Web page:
Jim Houtz, Founder and Chairman, Southwest Jet Aviation

I've been an entrepreneur for most of my life, ever since founding CyCare Systems in the 1960s, and I've also always had an interest in aviation. In fact, Southwest Jet Aviation, the company I most recently launched, is a provider of services such as charter, hanger, and aircraft maintenance management.

Thus, I can't be helped for turning to aviation lore to explain to today's entrepreneurs that what they must do to build great companies is adopt the attitude of the fighter pilot. That is, they must always be in control of the plane; they must be the person calling the shots.

However, something else separates the great fighter pilot from the true ace, and it isn't exceptional skill, daring, education or weapons accuracy - those characteristics are given. Instead, aviation lore has it that what makes the difference is the pilot's wingman - the individual flying in the cockpit beside the fighter. A great wingman gives the pilot the chance to be great.

Similarly, the essential number two gives the entrepreneur a chance to be successful. Think of Steve Ballmar to Bill Gates at Microsoft, "Charlie" Munson by the side of legendary investor Warren Buffet, or Mort Myerson who ran Ross Perot's operations for years.

In Praise of the Wingman

In the same tradition is Dick Burgmeier, who played that role for me at CyCare Systems, which I founded in 1967, ran for 29 years, and sold in 1996 for $270 million to Atlanta-based HBOC Inc.

CyCare Systems was a pioneer in the group medical practice billing and insurance software systems business, for years maintaining a 35 percent share of the market. That, in no small part, was due to the people I was able to recruit. This group included executives such as Ron Grey, the chief financial officer who got us ready for our initial public offering (IPO) in 1981; David Mitchell, who built our professional sales force; Harry Moore, who weaned us from batch processing to modern technology; and Jim Dyer, who eventually took over from me as CEO.

They were great, but it was Burgmeier who was the wingman. He joined shortly after I founded the company, when our staff numbered a scant 15 and stayed on for 19 years before leaving in 1986 - only to return five years later for another four-year stint. In his 23-year tenure, CyCare Systems metamorphosed from fledgling to fast growth and again, with its listing on the New York Stock Exchange in 1988, into maturity.

Throughout it all, Burgmeier wasn't necessarily in training for the fighter pilot's job. Indeed, that may or may not be the outcome for the wingman. At Microsoft, Ballmar did succeed Gates as CEO. At CyCare Systems, on the other hand, when it came time for me to step down, I turned to Jim Dyer instead, for his marketing prowess.

What It Takes

In short, the wingman's role is different from that of executives in functional specialties, as are the qualities one must possess to fulfill the role.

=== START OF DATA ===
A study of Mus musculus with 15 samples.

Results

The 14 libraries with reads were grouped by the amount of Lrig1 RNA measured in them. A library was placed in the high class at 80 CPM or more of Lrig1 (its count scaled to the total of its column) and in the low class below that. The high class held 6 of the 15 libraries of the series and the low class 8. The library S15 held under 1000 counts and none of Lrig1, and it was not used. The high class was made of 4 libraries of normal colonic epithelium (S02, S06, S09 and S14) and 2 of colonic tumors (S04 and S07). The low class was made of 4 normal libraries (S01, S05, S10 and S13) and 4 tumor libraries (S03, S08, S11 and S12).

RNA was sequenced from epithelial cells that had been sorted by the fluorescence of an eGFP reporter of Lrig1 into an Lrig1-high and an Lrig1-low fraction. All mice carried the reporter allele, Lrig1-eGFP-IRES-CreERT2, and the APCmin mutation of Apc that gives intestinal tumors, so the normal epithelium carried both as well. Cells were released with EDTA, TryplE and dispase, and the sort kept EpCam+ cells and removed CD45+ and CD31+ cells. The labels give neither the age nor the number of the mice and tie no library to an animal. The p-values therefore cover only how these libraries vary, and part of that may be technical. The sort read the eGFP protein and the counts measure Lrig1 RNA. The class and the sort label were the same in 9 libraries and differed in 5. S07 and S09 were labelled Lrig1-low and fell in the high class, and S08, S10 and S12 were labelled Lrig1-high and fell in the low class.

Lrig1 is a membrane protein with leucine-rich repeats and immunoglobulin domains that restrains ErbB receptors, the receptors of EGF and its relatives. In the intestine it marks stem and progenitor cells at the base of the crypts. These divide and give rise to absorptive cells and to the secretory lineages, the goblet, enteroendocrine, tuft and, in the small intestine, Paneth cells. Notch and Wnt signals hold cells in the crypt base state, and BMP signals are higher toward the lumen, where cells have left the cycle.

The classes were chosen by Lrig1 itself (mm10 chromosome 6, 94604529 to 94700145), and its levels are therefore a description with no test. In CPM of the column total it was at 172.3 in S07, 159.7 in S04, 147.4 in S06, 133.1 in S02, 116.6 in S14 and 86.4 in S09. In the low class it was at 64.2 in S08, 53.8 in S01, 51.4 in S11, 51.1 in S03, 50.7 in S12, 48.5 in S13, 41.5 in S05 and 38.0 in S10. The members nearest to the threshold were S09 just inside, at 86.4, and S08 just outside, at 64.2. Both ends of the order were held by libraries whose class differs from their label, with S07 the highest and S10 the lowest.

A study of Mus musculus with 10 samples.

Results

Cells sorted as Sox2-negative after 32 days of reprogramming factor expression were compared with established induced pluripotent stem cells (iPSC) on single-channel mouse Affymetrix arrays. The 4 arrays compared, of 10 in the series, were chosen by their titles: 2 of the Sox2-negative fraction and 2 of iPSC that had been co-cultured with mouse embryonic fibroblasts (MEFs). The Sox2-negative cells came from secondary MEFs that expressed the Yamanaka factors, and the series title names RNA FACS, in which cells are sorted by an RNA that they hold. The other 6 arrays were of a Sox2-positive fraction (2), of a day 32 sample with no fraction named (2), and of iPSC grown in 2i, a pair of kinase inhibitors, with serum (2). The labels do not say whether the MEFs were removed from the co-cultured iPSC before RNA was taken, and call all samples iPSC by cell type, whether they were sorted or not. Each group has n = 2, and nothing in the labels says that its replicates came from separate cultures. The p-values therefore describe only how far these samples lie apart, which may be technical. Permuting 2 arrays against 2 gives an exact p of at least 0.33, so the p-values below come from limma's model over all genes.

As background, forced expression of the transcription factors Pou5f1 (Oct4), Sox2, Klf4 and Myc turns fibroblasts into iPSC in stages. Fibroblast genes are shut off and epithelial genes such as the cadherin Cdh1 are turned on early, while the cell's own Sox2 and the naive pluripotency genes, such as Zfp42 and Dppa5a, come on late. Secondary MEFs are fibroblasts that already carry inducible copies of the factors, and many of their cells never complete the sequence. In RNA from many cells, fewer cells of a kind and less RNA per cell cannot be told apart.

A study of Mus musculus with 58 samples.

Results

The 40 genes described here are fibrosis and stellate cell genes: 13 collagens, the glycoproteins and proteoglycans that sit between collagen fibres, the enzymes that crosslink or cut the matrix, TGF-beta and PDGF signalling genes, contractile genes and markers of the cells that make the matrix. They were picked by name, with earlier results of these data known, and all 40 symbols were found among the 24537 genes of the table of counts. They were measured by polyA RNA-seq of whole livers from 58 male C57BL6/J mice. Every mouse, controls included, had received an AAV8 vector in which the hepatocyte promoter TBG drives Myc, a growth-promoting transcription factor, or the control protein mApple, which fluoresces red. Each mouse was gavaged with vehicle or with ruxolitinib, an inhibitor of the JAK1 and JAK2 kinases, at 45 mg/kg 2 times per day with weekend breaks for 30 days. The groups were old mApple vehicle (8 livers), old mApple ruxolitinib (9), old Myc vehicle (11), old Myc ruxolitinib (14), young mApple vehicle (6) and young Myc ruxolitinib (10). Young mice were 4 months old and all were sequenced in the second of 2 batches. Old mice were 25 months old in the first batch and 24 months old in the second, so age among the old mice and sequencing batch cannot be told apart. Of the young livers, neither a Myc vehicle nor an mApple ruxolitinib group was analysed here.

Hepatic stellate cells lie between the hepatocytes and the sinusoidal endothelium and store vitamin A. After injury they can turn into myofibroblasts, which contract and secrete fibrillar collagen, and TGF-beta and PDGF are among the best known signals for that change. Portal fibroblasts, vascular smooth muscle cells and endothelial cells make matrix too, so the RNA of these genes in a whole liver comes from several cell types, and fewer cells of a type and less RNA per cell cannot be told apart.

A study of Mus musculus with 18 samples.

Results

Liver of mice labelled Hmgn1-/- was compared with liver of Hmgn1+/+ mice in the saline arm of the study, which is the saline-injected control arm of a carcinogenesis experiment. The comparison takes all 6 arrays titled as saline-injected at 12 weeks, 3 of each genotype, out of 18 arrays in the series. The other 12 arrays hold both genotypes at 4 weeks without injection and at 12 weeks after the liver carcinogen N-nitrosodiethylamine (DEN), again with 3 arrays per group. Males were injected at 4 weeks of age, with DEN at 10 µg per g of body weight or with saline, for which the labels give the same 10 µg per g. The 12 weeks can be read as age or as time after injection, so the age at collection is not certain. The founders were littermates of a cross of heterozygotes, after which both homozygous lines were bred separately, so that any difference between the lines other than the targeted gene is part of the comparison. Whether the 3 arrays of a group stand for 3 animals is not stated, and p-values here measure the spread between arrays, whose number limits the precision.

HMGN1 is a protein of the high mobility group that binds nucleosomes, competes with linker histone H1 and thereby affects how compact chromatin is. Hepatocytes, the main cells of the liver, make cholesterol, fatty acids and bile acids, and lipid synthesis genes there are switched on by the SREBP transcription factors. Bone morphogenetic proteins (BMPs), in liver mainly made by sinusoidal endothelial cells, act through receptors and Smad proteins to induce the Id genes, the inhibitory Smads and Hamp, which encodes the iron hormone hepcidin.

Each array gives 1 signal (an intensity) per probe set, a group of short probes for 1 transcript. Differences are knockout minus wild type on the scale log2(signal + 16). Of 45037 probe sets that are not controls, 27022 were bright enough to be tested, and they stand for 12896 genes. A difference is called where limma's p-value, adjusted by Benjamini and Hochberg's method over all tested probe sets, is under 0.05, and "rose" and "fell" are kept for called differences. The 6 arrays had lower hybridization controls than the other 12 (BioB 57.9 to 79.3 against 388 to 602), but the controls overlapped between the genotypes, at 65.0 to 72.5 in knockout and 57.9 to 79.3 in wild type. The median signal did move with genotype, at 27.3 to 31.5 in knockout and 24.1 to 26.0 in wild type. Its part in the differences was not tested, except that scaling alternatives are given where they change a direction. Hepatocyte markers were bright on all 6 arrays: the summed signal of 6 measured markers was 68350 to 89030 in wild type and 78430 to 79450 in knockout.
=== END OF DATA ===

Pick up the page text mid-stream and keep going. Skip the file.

At its most basic, the job isn't one for the person selected by flipping through resumes and hoping for the best when the hire comes on board. It is a role best filled with someone the entrepreneur knows personally - and respects greatly. I met Burgmeier in the early 1960s at IBM, where he was working in systems and I in sales. From my observations, I could see that he possessed tremendous knowledge of data processing management, the equivalent of today's chief information officer's role. In fact, given his likely future at IBM, it took some convincing to lure him to my start up.

As skilled as he was, he possessed talents that were different from mine, which is also essential for a company's second-in-command. In the early days, ours was the classic Mr. Outside, Mr. Inside split. While I was busy pursuing customers - it was I who elected to go after group medical practices rather than municipalities, the alternative opportunity in those days - Burgmeier was forging the operation that would serve those customers.

As Mr. Inside, he created the company's guts - its data-processing operation in Dubuque, Iowa - eventually building a staff of 250. In the process, he solved problems as they arose, such as having suddenly to service 35 rather than 10 accounts during a period of especially fast growth. With Burgmeier, it was never a matter of my telling him what he had to do, but rather his telling me what he had done. In short, he took responsibility and ran with it.

A good wingman must have an outstanding degree of integrity, and that characterized Burgmeier as well. I don't think he could tell a lie if his life depended on it, which was more than just a matter of moral exactitude. It was critical for a small company in the throes of building lasting relationships with customers.


When I named Dyer rather than Burgmeier to the top job in 1984, I took comfort in knowing how Burgmeier would react: I knew that he would want what was best for the company. This is what lies at the heart of the job that is essential for the making of an entrepreneur. As I said, a good wingman makes it possible for the pilot - or the entrepreneur - to be successful.